Standard 3

Standard 3: Knowledge and Application of Content

Candidates in school librarian preparation programs are knowledgeable in literature, digital and information literacies, and current instructional technologies. Candidates use their pedagogical skills to actively engage learners in the critical-thinking and inquiry process. Candidates use a variety of strategies to foster the development of ethical digital citizens and motivated readers.

3.1 Reading Engagement: Candidates demonstrate a knowledge of children’s and young adult literature that addresses the diverse developmental, cultural, social, and linguistic needs of all learners. Candidates use strategies to foster learner motivation to read for learning, personal growth, and enjoyment.

3.2 Information Literacy: Candidates know when and why information is needed, where to find it, and how to evaluate, use and communicate it in an ethical manner. Candidates model, promote, and teach critical-thinking and the inquiry process by using multiple literacies.

3.3 Technology-Enabled Learning: Candidates use digital tools, resources, and emerging technologies to design and adapt learning experiences. Candidates engage all learners in finding, evaluating, creating, and communicating data and information in a digital environment. Candidates articulate, communicate, model, and teach digital citizenship.

Artifacts:

LIS 617/618 Book Talk: Transcript / Presentation / Bibliography Handout

Note: this class was taken at Eastern Carolina University as LIBS 6137: Materials for Young Adults

LIS 635 Digital Curation

Alignment with Standards:

The book talk I created was an extensive project, where I presented six books on a theme, and used several different presentation styles. I also included supplemental resources like a visual presentation (Powerpoint) and a handout that listed the books presented as well as further reading. I presented the booktalk to an English class and was able to survey students about their favorite presentation style. This assignment aligns with standard 3.1 (reading engagement). In LIS 635, I assembled a digital curation of sources on slam poetry/spoken word poetry. I chose a subject that students at my school have shown interest in, and was able to learn more about the subject while exploring resources and choosing those I thought the students would find useful. This assignment aligns with standards 3.2 (information literacy) and 3.3 (technology-enabled learning).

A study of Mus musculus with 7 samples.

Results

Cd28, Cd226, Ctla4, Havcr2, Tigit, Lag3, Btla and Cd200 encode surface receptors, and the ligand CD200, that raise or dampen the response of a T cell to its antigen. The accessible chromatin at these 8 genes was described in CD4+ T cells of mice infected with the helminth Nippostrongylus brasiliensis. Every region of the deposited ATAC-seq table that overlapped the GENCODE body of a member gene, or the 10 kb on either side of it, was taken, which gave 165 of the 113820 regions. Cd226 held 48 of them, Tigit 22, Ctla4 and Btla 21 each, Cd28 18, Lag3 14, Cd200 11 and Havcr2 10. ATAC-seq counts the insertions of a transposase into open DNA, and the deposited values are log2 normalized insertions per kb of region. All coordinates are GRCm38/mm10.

What I Learned:

There will always be students who visit the library and check out books, and have a great passion for reading. However, a good librarian needs to reach all students, not just the ones who are already interested in reading for enjoyment or exploring topics of interest on their own. One of the most important roles of the school librarian is to curate resources and present them in different ways depending on their audience.

Book talks are an important way to get students interested in reading, and to get them interested in books they would not normally choose. There are some classic booktalking formats that work for most audiences - such as first person narratives, excerpts, and summaries. However, librarians should always be open to new and evolving ways to reach readers. In addition to the tried-and-true methods, "YA librarians seeking to connect with teen readers need techniques that balance fast, social-digital literary practices with slower, interpersonal reading skills" (Irvin, 2015).

Students will respond to different types of information and presentation styles, so a librarian must assemble a useful toolkit of resources for presenting information. According to the Digital Curation Centre, "curation enhances the long-term value of existing data by making it available for further high quality research" (2021). When librarians make the effort to curate quality resources, students will be able to browse these resources for their education and enjoyment.

Impact on Students:

High school students are very independent and often prefer to explore resources on their own. However, librarians can make sure students always have quality resources in front of them. By offering a range of presentation styles, types of books, and resource formats, librarians can guide students to choose these resources during their search for reading and research materials.

Supporting Resources:

Digital Curation Centre. (2021). What is digital curation? https://www.dcc.ac.uk/about/digital-curation

Irvin, V. (2015). Book Tweets and Snappy Reads: Booktalking to Engage Millennial Teens. Journal of Research on Libraries & Young Adults 6.